G8 ministers strongly condemn North Korea

Actress Angelina Jolie urges action to prevent sexual violence against women

Foreign ministers from the G8 group of rich countries condemned "in the strongest possible terms" North Korea's development of nuclear weapons and ballistic missile technology today and called for more humanitarian aid to help civilians in Syria.

North Korea's threats of war and Iran's nuclear programme topped the agenda of the foreign ministers' talks in London but little substance came out of their private meetings with members of Syria's opposition on the sidelines of the gathering.

In a communique issued after the meeting, foreign ministers from the United States, Britain, France, Germany, Italy, Japan, Canada and Russia urged North Korea to "refrain from further provocative acts".

"They condemned DPRK's (North Korea's) current aggressive rhetoric and confirmed that this will only serve to further isolate the DPRK," it said.

Actress Angelina Jolie, a goodwill ambassador for the United Nations High Commissioner for Refugees, also addressed the ministers, urging more action to prevent sexual violence against women in conflict zones.

The British government will spend a further £10 million on tackling war-zone sexual violence and violence against women and girls, foreign secretary William Hague announced today. Mr Hague said the commitment was necessary to "end the treatment of rape and sexual violence as a secondary issue and to put women and women's rights front and centre in conflict resolution."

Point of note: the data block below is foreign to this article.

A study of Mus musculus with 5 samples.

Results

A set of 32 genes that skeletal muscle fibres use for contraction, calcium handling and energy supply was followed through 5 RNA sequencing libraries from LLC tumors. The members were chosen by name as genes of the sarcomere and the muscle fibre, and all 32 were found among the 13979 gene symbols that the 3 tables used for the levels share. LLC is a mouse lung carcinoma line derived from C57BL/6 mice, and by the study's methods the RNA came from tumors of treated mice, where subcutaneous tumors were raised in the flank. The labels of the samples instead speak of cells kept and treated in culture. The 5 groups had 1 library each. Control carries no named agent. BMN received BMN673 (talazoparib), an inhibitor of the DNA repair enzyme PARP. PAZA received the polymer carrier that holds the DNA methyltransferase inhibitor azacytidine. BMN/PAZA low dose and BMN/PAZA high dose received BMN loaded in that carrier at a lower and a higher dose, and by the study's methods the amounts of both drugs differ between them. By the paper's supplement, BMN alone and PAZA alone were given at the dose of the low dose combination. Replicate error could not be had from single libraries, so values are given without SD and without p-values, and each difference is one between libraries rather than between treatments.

Leaders of the Syrian National Coalition were present on the sidelines. During a lunch meeting yesterday, they asked global powers for more humanitarian aid, according to a US official.

The United States, which on February 28th said it will for the first time give non-lethal aid to Syrian rebel fighters and more than double its aid to Syria's civilian opposition, has so far chosen not to provide arms to the rebels.

In the final statement, the ministers themselves "called for greater humanitarian assistance and for improved and safe access to the Syrian people by humanitarian agencies in co-ordination with all parties to the conflict".

High alert

Meanwhile South Korea and the United States were on high alert for a North Korean missile test-launch today, as the isolated state celebrated the rule of the Kim dynasty and appeared to tone down rhetoric of impending war. Despite recent threats to attack US bases and the South, North

Korea started to welcome a stream of visitors for Monday's celebrations marking the birthday of its founder Kim Il-sung. North Korea has stationed as many as five medium-range missiles on its east coast, according to defence assessments by Washington and Seoul, possibly in readiness for a test-launch that would demonstrate its ability to hit US bases on Guam.

"There are signs the North could fire off Musudan missiles any time soon," an unnamed intelligence source in Seoul told Yonhap news agency . Most observers say Pyongyang has no intention of starting a war that would be likely to bring its own destruction but warn of the risks of miscalculation on the highly-militarised Korean peninsula.

There were few signs of alarm in Seoul, the South Korean capital, and financial markets shrugged off the risk of conflict with stocks posting a third day of gains. New South Korean President Park Geun-hye met foreign businessmen on Today and reassured them the country was safe and was working closely with the United States and China, the North's only major diplomatic ally. Taiwan became the first country to warn its citizens against travelling to South

In Washington, US defence secretary Chuck Hagel warned that the North was "skating very close to a dangerous line" with its threats and provocations, and said the United States, currently involved in military exercises with South Korea, was prepared to respond to any moves by Pyongyang.